London police have refused to explain why an officer bought powerful spyware that was marketed for spying on a user's spouse.
Motherboard has filed a formal complaint with the Metropolitan Police Service (MPS) and an independent government body, calling for an investigation into why an MPS officer purchased powerful malware that can intercept Facebook messages, steal passwords, and remotely turn on a smartphone’s camera.
So far, the MPS has refused to investigate the claim, leaving questions about why exactly an MPS officer bought the technology.
In April 2017, Motherboard reported that an MPS official had purchased a piece of malware called FlexiSpy. Depending on the version purchased, FlexiSpy can be installed on desktop, Android, or jailbroken iOS devices.
The report was based on data obtained by a hacker and provided to Motherboard. Contained in FlexiSpy customer records was the official email address and username for an MPS officer. It was not immediately clear which specific officer the email address belonged to, as several shared the same name. However, shortly after the publication of the original report, one of the officers, based within the MPS’ High Tech Crime Unit, deleted or tweaked the privacy settings on his LinkedIn account.
Filling that gap in the public’s knowledge is essential at a time when law enforcement use of malware, which can obtain a wealth of personal information from a target device, is only on the rise
Eric King, a visiting lecturer in surveillance law at Queen Mary University of London, previously told Motherboard that “The use of the tool in most circumstances would breach the Computer Misuse Act 1990, and even the sale of the tool could be a criminal offence if it’s known it’s subsequent use would be unlawful.”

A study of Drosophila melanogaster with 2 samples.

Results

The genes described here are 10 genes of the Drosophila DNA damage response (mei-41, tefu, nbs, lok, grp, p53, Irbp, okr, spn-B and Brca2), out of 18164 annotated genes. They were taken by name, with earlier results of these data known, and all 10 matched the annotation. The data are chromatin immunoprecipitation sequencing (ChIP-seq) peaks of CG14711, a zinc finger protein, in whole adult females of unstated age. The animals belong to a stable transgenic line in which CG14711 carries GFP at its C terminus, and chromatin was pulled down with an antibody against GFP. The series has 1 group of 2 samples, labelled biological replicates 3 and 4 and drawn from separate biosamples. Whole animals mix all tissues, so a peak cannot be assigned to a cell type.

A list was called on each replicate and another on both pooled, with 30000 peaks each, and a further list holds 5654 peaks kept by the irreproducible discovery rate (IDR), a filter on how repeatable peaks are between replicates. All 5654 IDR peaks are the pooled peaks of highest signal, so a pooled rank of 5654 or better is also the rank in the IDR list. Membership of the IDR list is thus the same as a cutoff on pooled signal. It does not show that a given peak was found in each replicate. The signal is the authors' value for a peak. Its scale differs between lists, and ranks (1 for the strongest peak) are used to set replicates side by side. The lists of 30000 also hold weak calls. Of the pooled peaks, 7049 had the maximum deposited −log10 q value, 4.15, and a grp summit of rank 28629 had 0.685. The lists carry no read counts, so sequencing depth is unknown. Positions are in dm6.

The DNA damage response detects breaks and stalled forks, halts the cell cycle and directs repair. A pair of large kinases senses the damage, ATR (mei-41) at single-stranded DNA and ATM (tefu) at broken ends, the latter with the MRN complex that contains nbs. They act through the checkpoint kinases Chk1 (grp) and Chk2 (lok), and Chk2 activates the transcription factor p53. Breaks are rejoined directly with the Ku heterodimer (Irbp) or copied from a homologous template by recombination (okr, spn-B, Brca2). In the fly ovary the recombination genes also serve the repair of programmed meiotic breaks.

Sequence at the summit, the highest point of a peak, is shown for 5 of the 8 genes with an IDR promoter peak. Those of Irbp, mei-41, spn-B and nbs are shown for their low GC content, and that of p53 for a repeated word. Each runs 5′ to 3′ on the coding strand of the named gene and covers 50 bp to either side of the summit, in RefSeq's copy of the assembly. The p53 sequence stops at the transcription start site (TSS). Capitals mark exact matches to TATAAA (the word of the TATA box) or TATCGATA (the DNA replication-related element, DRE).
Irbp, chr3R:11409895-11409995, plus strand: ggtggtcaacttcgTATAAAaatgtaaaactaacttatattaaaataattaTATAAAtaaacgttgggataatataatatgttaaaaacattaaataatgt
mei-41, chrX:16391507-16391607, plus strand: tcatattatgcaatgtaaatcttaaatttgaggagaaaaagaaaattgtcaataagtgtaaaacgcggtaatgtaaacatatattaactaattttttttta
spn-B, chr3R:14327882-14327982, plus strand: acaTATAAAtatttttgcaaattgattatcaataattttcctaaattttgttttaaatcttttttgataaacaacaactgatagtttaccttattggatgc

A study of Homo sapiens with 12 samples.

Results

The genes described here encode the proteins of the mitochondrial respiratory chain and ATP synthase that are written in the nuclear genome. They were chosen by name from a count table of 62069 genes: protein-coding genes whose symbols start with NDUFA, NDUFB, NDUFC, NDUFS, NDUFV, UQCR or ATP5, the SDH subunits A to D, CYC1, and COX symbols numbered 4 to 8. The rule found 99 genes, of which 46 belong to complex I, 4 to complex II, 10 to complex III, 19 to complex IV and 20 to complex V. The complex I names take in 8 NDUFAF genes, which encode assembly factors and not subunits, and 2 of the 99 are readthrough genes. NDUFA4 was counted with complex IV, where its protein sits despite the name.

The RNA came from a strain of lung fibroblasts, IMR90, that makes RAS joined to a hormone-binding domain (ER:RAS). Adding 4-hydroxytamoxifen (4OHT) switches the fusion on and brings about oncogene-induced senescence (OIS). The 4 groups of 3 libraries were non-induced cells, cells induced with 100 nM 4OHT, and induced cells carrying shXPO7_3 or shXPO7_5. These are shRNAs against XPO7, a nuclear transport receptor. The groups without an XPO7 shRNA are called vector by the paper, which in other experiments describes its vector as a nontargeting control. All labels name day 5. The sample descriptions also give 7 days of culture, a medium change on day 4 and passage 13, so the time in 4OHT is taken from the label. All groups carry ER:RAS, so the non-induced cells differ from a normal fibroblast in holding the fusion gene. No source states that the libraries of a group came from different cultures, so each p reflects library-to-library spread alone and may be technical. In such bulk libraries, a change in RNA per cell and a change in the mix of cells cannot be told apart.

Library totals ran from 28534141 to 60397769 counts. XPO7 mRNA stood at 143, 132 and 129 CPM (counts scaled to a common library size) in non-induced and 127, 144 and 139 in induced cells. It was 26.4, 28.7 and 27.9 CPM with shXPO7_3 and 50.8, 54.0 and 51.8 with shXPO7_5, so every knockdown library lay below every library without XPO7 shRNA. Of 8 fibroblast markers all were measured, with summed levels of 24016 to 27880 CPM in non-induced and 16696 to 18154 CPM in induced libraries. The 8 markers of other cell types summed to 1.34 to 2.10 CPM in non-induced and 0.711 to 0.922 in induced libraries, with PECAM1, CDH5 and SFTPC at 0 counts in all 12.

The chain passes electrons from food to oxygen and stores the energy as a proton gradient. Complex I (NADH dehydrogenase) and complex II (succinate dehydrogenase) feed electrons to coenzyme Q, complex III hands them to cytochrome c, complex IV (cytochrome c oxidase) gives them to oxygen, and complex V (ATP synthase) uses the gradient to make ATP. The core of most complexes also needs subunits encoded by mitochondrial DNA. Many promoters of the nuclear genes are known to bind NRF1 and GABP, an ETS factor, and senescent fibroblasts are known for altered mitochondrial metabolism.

Working on behalf of Motherboard, solicitors from Bindmans LLP filed a complaint with the Independent Police Complaints Commission (now called the Independent Office for Police Conduct, or IOPC).
In a December letter, the Directorate of Professional Standards at the MPS said a chief inspector concluded that Motherboard’s complaint did not need to be professionally recorded, meaning it would not be investigated. The reason given was that Motherboard was not a member of the public who claims have witnessed a piece of misconduct. Motherboard’s legal team for this complaint strongly disagrees with that finding, and has filed an appeal to the IOPC, urging it to call in an independent investigation.
We don’t know why a Metropolitan Police officer, likely from the force’s hi-tech crime unit, purchased FlexiSpy. Did the officer deploy it in an investigation? Was its use proportionate and appropriate for the type of crime being investigated? Or, more worryingly, was the malware for personal, illegal use to monitor their spouse, as FlexiSpy’s marketing at the time made heavy reference to? It’s also possible the officer purchased FlexiSpy simply to better understand how the software worked.
Filling that gap in the public’s knowledge is essential at a time when law enforcement use of malware, which can obtain a wealth of personal information from a target device, is only on the rise. Last year, UK police forces formally received the explicit power of hacking technology—known as ‘equipment interference’—after another agency’s use had been governed for years under an antiquated law from the ‘90s.
“The Met need to account for why one of their officers had a FlexiSpy account,” King previously said.
Motherboard will continue to cover any developments in the case.